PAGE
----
Audio giant Spotify has allegedly spent less than 10% of its $100 million Creator Equity fund since it launched one year ago, according to a report by Bloomberg.
In February 2022, Spotify CEO Daniek Ek pledged that he will be committing to a $100 million investment for “the licensing, development, and marketing of music (artists and songwriters) and audio content from historically marginalised groups” in a statement to his staff. This was part of an effort by the CEO to combat the backlash that Spotify faced for signing a $200 million multi-year exclusivity contract with podcaster Joe Rogan despite the fact that he used racist language in previous episodes - which have since been removed.
Reporter Ashley Carman obtained a memo that lists the projects that Spotify had commissioned under the equity fund, including global music program GLOW for LGBTQ+ creators, the Africa Podcast Fund, and new seasons of shows like We Said What We Said, all of which allegedly amounted to less than 10% of the total budget. A spokesperson told PodPod that Spotify has in fact invested more than 10% of the budget, but was unable to clarify how much has been spent.
“The Spotify Creator Equity Fund is dedicated to a variety of initiatives that help elevate and support an inclusive and diverse portfolio of artists and creators on the platform,” a Spotify spokesperson told PodPod. “By investing in programs like GLOW, Frequency, NextGen and AMPLIFIKA, we are able to empower and uplift underrepresented voices around the world.”
Carman spoke to sources that are familiar with the company but chose to stay anonymous, who said that Spotify’s diversity fund is supposed to operate across a three-year timeline but a Spotify spokesperson told her that there was no specific time range and that it was a “multi-year” investment.
Additionally, the sources said that the investment faced a slow start with no clear structures, and suffered from shifting priorities which affected its spending. The Spotify 2023 budget was also reportedly still being finalised at the start of the year and the company was still determining its priority projects.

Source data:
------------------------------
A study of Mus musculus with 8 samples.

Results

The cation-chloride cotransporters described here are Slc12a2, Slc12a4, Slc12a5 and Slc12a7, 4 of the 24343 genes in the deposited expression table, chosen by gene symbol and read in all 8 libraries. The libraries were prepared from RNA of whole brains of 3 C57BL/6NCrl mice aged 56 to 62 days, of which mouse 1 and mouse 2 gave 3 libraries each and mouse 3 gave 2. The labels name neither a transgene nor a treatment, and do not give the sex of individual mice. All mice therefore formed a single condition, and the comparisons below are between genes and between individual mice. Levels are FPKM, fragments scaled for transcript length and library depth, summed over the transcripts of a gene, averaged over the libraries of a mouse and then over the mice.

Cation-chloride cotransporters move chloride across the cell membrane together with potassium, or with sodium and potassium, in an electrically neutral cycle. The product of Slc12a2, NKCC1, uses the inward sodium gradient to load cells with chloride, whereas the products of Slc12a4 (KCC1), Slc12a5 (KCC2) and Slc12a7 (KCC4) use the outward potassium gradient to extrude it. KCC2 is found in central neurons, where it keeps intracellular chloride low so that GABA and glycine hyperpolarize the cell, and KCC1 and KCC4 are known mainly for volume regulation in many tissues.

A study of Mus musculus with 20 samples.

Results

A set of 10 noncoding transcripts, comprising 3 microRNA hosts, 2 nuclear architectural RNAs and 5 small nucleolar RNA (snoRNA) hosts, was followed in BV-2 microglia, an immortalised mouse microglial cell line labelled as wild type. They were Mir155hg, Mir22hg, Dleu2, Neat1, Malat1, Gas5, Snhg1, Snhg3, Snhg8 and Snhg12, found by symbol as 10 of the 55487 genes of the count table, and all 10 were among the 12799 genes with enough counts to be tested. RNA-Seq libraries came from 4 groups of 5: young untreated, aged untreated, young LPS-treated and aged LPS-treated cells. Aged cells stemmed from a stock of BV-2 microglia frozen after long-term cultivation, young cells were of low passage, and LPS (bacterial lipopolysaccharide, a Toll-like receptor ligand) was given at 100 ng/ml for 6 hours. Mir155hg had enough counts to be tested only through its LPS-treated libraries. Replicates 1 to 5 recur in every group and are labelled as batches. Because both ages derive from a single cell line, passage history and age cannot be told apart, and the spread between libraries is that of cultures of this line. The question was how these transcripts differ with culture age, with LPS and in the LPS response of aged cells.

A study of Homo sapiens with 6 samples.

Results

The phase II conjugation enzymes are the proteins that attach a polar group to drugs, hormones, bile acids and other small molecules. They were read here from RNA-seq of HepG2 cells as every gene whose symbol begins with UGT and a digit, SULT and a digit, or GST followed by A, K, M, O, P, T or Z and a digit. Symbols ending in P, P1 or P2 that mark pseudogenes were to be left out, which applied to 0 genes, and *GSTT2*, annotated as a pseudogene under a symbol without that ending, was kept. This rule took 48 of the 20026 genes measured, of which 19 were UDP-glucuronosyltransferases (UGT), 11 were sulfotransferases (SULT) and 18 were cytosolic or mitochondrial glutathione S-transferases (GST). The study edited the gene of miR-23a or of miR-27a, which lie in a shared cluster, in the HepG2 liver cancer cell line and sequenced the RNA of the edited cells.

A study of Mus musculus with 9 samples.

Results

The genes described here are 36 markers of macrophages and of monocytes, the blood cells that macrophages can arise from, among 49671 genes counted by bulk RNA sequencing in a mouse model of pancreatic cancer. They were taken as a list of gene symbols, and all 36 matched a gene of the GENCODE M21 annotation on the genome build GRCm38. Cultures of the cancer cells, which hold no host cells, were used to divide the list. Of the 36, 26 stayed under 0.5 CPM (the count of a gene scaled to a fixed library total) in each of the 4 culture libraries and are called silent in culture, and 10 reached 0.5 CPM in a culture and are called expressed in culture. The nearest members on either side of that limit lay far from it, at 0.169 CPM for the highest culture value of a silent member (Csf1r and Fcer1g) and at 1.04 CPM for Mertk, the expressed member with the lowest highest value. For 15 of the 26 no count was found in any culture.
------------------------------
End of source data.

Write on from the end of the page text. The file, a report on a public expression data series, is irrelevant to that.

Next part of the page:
This report follows a recent story in which union members of true-crime podcast network Parcast called out Spotify in a statement on Twitter to clarify and follow through on its promise to support the network’s diversity, equality, inclusion, and accessibility (DEIA) goals. According to the union members, Spotify has only approved projects worth 5% of the $100,000 budget it promised to Parcast - which amounted to $5,000 - despite continued efforts from the union to propose new initiatives.
On 1 March, six days after the statement was released, Parcast Union tweeted a follow-up stating that they had received no response from Spotify management, none of their mandatory quarterly meetings had been scheduled despite rapidly approaching the end of Q1, and none of the budget has been spent this year.
Spotify reported a significant operating loss at the end of 2022 which amounted to £200 million, blamed by the audio giant on heavy podcast investments it made over the past year with exclusive content creator partnerships with names like Emma Chamberlain, Meghan Markle, and Kim Kardashian, as well as acquisitions of podcast platforms such as podcast analytics platforms Podsights and Chartable.
The operating loss led to budget cuts within the company which once again meant more lay-offs, most recently totaling 6% of its employees. Prior to that, Spotify laid off “at least” 38 of its employees across podcast studios that it acquired, Gimlet and Parcast, as well as cancelling 11 original shows due to low performance. The unions of both companies said in a joint statement that Spotify’s decision to make shows exclusive led to a drop in listeners but “the company did little or nothing to staunch the bleeding”.
Despite the budget cuts, the company continued to make further investments with the latest partnerships announced at its annual Stream On event including ones with Patreon and NPR, as well as content creator Markiplier to produce video podcast episodes of his popular podcasts Distractible and Go! My Favourite Sports Team.
In recent news, Maximum Fun founder Jesse Thorn stated that his podcast company will be turning into a 100% employee-owned co-operative which allowed him to back off from the responsibilities of being the sole owner yet still protected his employees from being laid-off under new ownership the same way that Parcast and Gimlet employees had under Spotify ownership.
“It feels incredibly important that we are taking this next step now, at a time when the podcasting industry is chaotic, and frankly scary,” the Maximum Fun website said. “The last several years have seen an influx of investment into podcasting — literally billions of dollars. The last several months have seen the natural consequence of those speculative investments, when the market turned and prospects for a financial return faded: show cancellations, and layoffs.”